It looks imposing as you arrive— the “mountaintop” we were gazing at from the harbor at Delos island as our boat pulled into the harbor.
As we marveled through this amazing open-air archaeological site, unique in the world, with thousands of years of history at every footstep, the “mountain” was always there, nagging at me.
From the moment I landed on Delos, I had no desire to even try the climb— after all, a few weeks earlier I had been sitting in an infusion chair at the NYU Cancer Center getting my last chemotherapy treatment— a chemical poison that had decimated my body over the past six month and sent my immune system into chaos.
Everywhere we went, though, on every ancient rock I stepped on or over and every corner we turned, that mountain was there, staring at me, whispering— you can do it.
No way, I thought. I could barely walk a few minutes without needing to catch my breath.
Eventually, we passed the museum and we had two options— head up the steps to the mountain, or hang right and head down the slight hill and back to the harbor.
I had my doubts about being able to climb to the top— especially the final incline which looked pretty imposing.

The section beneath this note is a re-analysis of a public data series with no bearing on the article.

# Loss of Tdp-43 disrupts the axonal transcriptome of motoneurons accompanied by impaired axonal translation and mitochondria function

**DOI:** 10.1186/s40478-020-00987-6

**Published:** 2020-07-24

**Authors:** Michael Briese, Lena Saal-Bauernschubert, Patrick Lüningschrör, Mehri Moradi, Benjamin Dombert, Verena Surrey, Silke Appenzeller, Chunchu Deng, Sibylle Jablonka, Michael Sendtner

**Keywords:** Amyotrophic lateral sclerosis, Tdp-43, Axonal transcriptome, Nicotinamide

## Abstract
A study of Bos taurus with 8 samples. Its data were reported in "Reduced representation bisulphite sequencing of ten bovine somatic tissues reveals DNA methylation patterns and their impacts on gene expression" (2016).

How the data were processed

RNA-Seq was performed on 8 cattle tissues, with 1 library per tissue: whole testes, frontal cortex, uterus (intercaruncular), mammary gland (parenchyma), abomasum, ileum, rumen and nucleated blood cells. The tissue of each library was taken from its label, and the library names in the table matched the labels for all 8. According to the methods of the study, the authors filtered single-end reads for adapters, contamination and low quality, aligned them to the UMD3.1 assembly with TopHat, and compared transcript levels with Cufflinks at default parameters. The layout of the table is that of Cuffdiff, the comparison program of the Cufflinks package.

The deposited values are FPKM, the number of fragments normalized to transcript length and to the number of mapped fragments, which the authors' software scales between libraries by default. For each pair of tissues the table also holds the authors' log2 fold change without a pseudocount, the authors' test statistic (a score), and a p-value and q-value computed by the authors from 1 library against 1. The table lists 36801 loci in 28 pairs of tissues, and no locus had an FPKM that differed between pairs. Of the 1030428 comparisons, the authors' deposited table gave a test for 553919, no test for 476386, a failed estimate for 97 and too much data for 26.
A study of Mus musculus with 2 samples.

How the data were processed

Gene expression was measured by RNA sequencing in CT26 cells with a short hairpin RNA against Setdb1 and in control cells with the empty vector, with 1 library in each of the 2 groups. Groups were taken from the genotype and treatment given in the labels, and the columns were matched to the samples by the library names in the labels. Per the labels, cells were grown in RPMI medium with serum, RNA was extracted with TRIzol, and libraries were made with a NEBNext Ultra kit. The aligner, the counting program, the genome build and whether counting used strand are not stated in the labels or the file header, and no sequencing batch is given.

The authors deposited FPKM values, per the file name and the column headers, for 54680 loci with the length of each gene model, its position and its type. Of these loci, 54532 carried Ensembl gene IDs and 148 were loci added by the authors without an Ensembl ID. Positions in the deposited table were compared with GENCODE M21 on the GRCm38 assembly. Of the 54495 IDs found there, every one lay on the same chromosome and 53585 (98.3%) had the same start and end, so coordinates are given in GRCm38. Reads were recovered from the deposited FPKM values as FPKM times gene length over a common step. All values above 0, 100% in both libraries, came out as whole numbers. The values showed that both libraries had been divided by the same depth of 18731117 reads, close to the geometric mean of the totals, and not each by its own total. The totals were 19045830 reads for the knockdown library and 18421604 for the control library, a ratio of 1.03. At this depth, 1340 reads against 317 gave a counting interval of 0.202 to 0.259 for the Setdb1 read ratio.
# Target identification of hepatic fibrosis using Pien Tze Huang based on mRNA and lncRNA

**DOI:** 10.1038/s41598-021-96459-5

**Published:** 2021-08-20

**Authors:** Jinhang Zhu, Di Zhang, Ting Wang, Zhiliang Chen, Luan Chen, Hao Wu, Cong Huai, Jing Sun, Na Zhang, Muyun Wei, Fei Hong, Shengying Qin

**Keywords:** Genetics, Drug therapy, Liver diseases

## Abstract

I struggled all the way up Mt. Kynthos— the peak of Delos where the Ancient Greeks believed Apollo and Artemis were born and has since remained a sacred island.
The last few steps were the hardest and at one point, right before I reached the top, I snapped a selfie with the boys on the peak and said to myself— ok, mission accomplished, now don’t push it.
The peak was surrounded by giant limestone boulders and hard to reach. If cancer hadn’t killed me, I thought, a fall from one of these rocks very well may have.
Then I felt this energy come from behind me— a sort of windless wind that pushed and nudged me up, without missing a step— and before I knew it, there I was.
I don’t know what it was but something certainly helped me up those last steps to the top— and what a magical sight— all the islands of the Cycladic archipelago before, circling this sacred place, seeing exactly why the “Cyclades” got their name as they encircle— like the Greek word kyklos— around Delos.